Saturday, January 7, 2012


Imagine a perfect world.

You never have to worry about getting sick.

You never have to worry about where your next meal will come from.

You never have to worry about who you are going to marry.

The future world of Matched is just such a place. The government has gotten statistics and probabilities to such a perfect science, that they can determine exactly how much a person should eat, exercise, and who - among their millions of citizens - are perfect matches for each other.

Cassia is an intelligent (and slightly stubborn) young lady on the eve of her matching ceremony. To her delight, she finds that she is matched with her best friend Xander. A safe and happy future is guaranteed.

Then, another face flashes across the screen. Another young man she knows. Ky. The officials assure her that it was a mistake. Ky is an Abberation. He is allowed to live in their society, but due to some misstep by his parents, he will never be permitted to marry.

Outwardly Cassia pretends to accept this and tells no one what she has seen. However she begins to wonder if, after all, Ky is her true perfect match. Over the summer they find themselves growing closer together... and uncovering a grave and terrifying truth about their seemingly perfect world.

Matched is marketed as "The Hunger Games with more Romance" and it's true. It's a softer, shinier world on the outside, and lacks the grittiness and shock value of the Hunger Games, however the principles are similar. Readers who prefer reading dystopian novels though the lens of romance will find this book right up their alley.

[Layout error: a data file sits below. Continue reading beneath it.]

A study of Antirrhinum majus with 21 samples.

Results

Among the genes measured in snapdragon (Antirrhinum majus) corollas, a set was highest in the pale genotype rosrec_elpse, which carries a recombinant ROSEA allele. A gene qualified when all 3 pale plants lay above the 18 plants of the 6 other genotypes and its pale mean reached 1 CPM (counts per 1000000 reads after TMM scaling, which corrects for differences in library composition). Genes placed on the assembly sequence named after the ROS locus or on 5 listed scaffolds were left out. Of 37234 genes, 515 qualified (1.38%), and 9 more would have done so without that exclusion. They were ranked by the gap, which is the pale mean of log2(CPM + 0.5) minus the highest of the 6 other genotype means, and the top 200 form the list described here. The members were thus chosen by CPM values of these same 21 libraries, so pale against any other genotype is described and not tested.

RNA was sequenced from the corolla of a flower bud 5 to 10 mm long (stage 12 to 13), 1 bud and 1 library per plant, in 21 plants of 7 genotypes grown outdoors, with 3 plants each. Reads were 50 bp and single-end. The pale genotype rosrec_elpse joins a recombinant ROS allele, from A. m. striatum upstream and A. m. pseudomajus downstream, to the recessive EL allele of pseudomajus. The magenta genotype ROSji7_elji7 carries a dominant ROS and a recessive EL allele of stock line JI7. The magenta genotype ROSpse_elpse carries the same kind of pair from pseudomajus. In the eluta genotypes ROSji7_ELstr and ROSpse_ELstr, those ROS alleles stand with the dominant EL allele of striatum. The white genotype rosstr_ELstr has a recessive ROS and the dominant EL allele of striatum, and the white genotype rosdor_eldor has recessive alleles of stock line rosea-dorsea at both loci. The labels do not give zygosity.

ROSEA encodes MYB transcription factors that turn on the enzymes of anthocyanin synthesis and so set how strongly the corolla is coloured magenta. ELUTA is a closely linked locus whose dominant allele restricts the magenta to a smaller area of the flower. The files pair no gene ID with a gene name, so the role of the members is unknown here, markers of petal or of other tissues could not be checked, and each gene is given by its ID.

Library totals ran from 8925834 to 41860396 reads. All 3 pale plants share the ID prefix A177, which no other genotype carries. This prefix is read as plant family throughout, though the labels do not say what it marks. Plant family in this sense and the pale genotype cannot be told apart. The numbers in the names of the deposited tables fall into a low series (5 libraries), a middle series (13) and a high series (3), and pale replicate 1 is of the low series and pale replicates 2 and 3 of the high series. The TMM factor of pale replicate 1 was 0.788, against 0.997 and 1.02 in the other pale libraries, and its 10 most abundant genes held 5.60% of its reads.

One aspect I really appreciated was the emphasis on choice. Cassia lives in a world where all their choices are made for them and for her to choose to do anything outside of the norm is also huge. However love is also a choice. And Cassia's parents are an example of a couple matched by the government that share a real and lasting love -- a love that they choose to cherish and strengthen every day. They've passed this understanding of what love really means onto Cassia and will support her in her final choice, even if it's not one they ever would have made themselves.

While not quite the level of The Hunger Games, Matched nonetheless carries more punch and depth than the average teen romance novel. It is also very appropriate, with no crudities, swearing or violence to cause concern in handing this book to younger readers.

1 comment:

Shaylynn said...

I just listened to it on audiobook (the reader was very good, her young voice added a lot in my opinion) and it was very enjoyable! It's interesting because the story is not as gritty and gruesome as the Hunger Games, and Xander seemed like such a nice guy that I was almost rooting for him. You could see the way that the society controlled everyone, how the people kept falling for it, and why it was so hard to keep the will to fight-- something I couldn't get a sense of in the Hunger Games because I was so attuned to the blatant evil of the Gamemakers.